Suspected Libyan Al-Qaeda militants exchanged fire with security forces in Tunisia Wednesday, leaving two alleged militants and a Tunisian colonel dead, security officials and the government said.
The suspected militants were wearing belts of explosives and were “terrorists, strongly suspected of belonging to the Al-Qaeda network,” a Tunisian security official said.
The official refused to give the nationalities of the suspects but another security source said they were carrying Libyan passports.
The interior ministry said three “terrorists” had opened fire on the Tunisian forces in Rouhia, about 200 kilometres (125 miles) west of Tunis.
Two were killed and the other was able to escape, it said in a statement, also not giving their nationalities.
A Tunisian colonel was shot dead, it said. Another security source said a soldier had also died.
A guard called security forces after becoming suspicious about the men, the source told AFP.
When they arrived, “two Libyans started to shoot and there was an exchange of fire between the army and these two men,” the source said.
A Tunisian soldier and a colonel were killed as well as “these two Libyans who had on them Libyan passports.”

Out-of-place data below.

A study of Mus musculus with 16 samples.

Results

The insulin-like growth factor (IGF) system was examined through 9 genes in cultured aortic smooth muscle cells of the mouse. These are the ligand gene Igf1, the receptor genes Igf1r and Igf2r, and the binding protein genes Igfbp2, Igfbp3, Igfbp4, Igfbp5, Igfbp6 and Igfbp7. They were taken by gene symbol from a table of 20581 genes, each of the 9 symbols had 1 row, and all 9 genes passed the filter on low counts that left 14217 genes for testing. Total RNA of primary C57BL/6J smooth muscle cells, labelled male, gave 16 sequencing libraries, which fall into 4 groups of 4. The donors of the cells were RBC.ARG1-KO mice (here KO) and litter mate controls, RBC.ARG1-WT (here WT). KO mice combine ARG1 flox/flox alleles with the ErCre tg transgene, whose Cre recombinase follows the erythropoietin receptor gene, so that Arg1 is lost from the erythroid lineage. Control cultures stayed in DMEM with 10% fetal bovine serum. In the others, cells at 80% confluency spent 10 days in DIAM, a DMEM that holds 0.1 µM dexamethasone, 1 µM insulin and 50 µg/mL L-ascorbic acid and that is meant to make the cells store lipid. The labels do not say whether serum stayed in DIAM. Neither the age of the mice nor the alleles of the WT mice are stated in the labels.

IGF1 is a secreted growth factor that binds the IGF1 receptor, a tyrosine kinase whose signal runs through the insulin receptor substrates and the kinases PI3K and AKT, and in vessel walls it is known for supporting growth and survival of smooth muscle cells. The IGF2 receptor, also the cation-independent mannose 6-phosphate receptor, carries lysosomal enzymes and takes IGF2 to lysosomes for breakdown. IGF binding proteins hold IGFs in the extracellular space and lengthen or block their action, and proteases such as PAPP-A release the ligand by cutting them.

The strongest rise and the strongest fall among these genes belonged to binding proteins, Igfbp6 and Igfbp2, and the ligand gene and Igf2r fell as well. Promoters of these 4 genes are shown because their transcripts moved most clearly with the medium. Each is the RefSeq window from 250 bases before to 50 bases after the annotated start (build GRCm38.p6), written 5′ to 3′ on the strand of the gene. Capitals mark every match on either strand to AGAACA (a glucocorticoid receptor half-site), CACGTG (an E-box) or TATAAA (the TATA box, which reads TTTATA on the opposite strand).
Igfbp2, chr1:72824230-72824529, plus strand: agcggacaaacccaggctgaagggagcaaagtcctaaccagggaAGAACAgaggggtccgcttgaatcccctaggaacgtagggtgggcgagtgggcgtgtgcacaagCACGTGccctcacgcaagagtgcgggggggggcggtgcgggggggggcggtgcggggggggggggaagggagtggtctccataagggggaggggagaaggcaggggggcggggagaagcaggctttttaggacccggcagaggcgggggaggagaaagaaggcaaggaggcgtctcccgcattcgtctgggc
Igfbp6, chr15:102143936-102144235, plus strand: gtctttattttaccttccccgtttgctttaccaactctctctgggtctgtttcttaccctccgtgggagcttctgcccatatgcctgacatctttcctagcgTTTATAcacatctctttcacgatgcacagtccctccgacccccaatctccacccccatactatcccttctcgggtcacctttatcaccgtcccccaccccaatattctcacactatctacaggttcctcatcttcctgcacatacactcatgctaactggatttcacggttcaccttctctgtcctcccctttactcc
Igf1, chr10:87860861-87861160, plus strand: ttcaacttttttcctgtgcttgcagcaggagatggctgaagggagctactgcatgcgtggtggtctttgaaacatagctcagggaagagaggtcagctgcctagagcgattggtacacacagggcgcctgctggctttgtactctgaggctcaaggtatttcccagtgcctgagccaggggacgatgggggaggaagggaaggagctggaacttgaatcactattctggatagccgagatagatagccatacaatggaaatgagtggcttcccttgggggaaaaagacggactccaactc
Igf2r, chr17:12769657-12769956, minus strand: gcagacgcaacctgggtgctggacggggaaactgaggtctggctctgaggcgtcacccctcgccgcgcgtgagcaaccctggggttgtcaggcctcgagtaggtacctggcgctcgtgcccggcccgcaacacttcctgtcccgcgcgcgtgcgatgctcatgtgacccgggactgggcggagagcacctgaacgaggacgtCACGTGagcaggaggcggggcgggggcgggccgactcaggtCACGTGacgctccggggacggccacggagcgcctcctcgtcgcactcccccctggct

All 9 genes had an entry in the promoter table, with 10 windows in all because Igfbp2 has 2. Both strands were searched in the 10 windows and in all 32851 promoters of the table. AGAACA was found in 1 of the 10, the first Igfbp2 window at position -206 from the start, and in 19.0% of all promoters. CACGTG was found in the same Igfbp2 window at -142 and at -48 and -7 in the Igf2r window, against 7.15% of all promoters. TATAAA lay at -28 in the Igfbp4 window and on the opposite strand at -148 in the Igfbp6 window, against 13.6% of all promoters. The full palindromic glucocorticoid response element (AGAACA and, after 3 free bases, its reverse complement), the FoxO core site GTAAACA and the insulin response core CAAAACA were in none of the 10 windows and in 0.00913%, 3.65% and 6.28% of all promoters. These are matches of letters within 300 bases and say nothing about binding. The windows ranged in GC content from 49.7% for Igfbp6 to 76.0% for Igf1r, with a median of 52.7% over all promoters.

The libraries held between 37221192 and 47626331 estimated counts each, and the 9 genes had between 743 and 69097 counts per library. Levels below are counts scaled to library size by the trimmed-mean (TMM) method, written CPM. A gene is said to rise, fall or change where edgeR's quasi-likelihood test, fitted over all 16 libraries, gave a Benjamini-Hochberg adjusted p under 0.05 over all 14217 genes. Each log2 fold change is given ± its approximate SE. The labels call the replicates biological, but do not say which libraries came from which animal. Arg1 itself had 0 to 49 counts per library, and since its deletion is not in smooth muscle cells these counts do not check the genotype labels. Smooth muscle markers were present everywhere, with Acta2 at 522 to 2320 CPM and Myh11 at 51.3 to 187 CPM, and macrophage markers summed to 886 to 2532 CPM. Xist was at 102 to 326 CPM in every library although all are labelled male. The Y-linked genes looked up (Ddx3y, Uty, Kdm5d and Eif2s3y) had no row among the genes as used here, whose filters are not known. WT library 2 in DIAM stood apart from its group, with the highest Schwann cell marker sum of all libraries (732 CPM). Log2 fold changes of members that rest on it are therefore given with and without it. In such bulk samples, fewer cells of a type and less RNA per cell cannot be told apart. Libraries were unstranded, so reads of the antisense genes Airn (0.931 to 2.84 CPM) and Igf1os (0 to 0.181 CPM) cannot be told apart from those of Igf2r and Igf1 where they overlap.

The guard was helping the men, who had arrived from Sbiba close to the city of Kasserine, which is near the border with Algeria, to carry their luggage, the source said.
He “was surprised by the weight of their luggage and alerted the police and the army,” he said.
The interior ministry said “special units of the national guard and the army with the aid of some citizens were able around 6:55 am to uncover three armed terrorists in the Rouhia region.”
“These terrorists fired on units of the army and the national guard, wounding three soldiers with live bullets, one of whom, a colonel, died,” it said.
“Two of these terrorists were killed while a third was able to escape.”
A resident confirmed the incident and said two civilians were hurt in the gunfight, one of them seriously.
Tunisia said Sunday it had detained an Algerian and a Libyan in possession of explosives in its first arrests of suspected members of Al-Qaeda’s north African offshoot, Al-Qaeda in the Islamic Maghreb (AQIM).
It had earlier announced the arrest of two Libyans who came from Algeria and were trying to return to their country carrying a homemade bomb, according to officials.
This discovery led the government to appeal to Tunisian to report any suspicious behaviour or “sheltering of foreign nationals”.